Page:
Join Date: Aug 2007
Posts: 156
Lightbulb WATTS

This is part of a debate I had on other forum.Maybe it could help people about buying an amp .

When shopping for an amp "for loudness" you have to look at the very minimum,
for the wattage and efficiency of those watts.

For example, take the Mesa 20/20, 20 watts per side, and lets say it has a
Signal to Noise Ratio of 110 db

then take another amp rated at 100 watts with a S/N of 80db

The 20 watt amp is going to sound louder because each of its watts is more
efficient in producing clean sound.

To get a 6 db increase in sound you have to double the wattage....

So in the above example, there is a disparity of 30 db between the 20 and
100 watt amp.... so do the rest of the math

Also, when reading an amp's rated watts (this is more the case with solid
state amps), not all manufacturers adhere to a universal standard in stating
the wattage.

For example, an amp manufacturer may say Amp A is rated at 400 Watts. But when
you go to an oscilloscope the measure its true wattage, you may find that it is
only a 100 watt amp. But at several points of the sound wave it may have spiked
(transients) up to 400 watts. So, the manufacturer goes with the max reading.

Other more forthright manufacturers take the average or mean of the sound wave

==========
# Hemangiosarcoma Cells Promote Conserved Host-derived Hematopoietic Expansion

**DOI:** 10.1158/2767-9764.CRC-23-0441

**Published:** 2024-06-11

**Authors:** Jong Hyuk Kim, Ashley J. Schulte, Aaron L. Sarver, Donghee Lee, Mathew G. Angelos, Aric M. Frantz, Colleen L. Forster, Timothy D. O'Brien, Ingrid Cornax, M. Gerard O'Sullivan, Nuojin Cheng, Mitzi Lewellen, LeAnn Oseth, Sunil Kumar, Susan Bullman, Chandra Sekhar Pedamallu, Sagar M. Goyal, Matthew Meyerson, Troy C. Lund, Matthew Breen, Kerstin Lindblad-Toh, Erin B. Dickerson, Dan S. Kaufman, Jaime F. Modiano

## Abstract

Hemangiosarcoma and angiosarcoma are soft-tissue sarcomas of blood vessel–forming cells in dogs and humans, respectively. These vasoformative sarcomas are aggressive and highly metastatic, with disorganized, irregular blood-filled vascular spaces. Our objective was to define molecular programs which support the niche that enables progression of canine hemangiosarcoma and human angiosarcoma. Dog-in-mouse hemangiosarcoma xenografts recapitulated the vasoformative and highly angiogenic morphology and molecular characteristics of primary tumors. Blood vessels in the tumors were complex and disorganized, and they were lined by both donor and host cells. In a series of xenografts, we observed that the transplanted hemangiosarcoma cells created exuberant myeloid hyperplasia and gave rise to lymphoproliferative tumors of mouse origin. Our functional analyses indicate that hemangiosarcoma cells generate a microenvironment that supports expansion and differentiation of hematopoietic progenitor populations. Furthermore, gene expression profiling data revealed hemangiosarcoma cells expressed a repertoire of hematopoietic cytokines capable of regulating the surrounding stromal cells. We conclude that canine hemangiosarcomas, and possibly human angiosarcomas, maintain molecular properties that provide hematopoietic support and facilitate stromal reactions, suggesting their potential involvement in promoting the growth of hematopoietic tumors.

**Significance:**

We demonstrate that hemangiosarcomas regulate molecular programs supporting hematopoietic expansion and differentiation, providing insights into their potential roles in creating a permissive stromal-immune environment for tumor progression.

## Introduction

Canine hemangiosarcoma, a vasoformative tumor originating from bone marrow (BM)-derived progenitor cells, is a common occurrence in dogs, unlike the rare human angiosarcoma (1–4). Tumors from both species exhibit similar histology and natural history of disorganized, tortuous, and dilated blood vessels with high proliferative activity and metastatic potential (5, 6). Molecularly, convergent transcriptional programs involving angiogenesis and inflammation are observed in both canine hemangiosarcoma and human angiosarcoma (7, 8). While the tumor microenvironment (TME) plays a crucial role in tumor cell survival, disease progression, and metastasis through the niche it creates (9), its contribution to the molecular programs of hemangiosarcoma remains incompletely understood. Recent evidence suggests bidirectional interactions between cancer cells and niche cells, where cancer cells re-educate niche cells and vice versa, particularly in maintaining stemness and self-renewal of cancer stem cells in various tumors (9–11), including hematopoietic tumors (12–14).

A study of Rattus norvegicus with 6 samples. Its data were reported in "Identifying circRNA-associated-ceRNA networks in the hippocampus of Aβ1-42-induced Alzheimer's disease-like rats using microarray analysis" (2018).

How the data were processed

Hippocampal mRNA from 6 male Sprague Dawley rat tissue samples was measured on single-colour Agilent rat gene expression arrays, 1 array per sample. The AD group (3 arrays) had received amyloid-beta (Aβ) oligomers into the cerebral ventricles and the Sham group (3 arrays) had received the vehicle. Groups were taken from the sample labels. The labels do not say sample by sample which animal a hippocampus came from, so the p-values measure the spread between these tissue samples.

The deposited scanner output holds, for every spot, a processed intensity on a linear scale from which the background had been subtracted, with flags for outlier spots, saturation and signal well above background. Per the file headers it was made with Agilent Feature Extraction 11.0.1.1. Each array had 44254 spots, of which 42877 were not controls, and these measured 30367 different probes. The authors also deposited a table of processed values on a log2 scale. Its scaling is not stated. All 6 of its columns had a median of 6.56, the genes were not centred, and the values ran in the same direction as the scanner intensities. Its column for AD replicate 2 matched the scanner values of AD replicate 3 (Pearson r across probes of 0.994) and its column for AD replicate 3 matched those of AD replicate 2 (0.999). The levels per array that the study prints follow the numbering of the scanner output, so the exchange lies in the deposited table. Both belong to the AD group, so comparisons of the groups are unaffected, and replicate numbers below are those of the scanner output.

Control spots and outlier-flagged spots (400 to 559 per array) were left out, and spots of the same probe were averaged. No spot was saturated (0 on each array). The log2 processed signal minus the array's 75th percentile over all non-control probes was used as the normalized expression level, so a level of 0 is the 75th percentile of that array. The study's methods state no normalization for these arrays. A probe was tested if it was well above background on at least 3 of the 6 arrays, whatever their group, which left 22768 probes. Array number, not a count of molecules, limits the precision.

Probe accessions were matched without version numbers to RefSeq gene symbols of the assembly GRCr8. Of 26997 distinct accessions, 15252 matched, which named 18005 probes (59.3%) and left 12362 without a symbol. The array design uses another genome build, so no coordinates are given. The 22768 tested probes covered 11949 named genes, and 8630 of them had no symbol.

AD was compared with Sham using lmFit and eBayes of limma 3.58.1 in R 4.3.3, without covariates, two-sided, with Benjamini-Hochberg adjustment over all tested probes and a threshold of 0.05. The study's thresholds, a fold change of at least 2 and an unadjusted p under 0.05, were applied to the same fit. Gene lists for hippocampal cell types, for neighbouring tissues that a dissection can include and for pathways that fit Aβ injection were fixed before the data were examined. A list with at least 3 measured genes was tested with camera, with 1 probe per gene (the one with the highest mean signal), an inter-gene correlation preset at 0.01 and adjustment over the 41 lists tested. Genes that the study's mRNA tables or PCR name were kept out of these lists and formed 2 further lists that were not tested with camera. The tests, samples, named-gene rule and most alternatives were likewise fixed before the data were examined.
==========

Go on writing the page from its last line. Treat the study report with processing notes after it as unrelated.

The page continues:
and report that as the consistent wattage.

So you'd want an amp that produces a consistent wattage vs a peak wattage.

The same concept applies to speakers when looking at wattage & S/N ratios.

Last edited by TREVA; 09-11-2007 at 01:16 PM.
Also, you shouldn't confuse overall consumption with output ratings.
Just because an amp will munch 1100 watts of power, has no indication on what the actual output to your speakers will be.

Another side note, to go along with speakers, specifically PA speakers.

Often lower end companies will tout their power 'capacity', but it isn't a real indication of what is delivered to the speakers. Many times, a device called a ballast is installed into the crossover. In most cases, this is nothing more than a light bulb! Whatever energy the speakers cannot accept, the bulb dissipates. Lets say You have a pair of PA speakers with a 1200 watt 'capacity' but the driver compliment can only handle 600 W, a resistor and light bulb eat the remaining power in a burst of light and heat. Not the most honest way to rate a speak IMO. I know for a fact that companies like Yorkville, BOSE and others use this practice.

Shop wisely

Last edited by bammbamm; 09-11-2007 at 01:31 PM.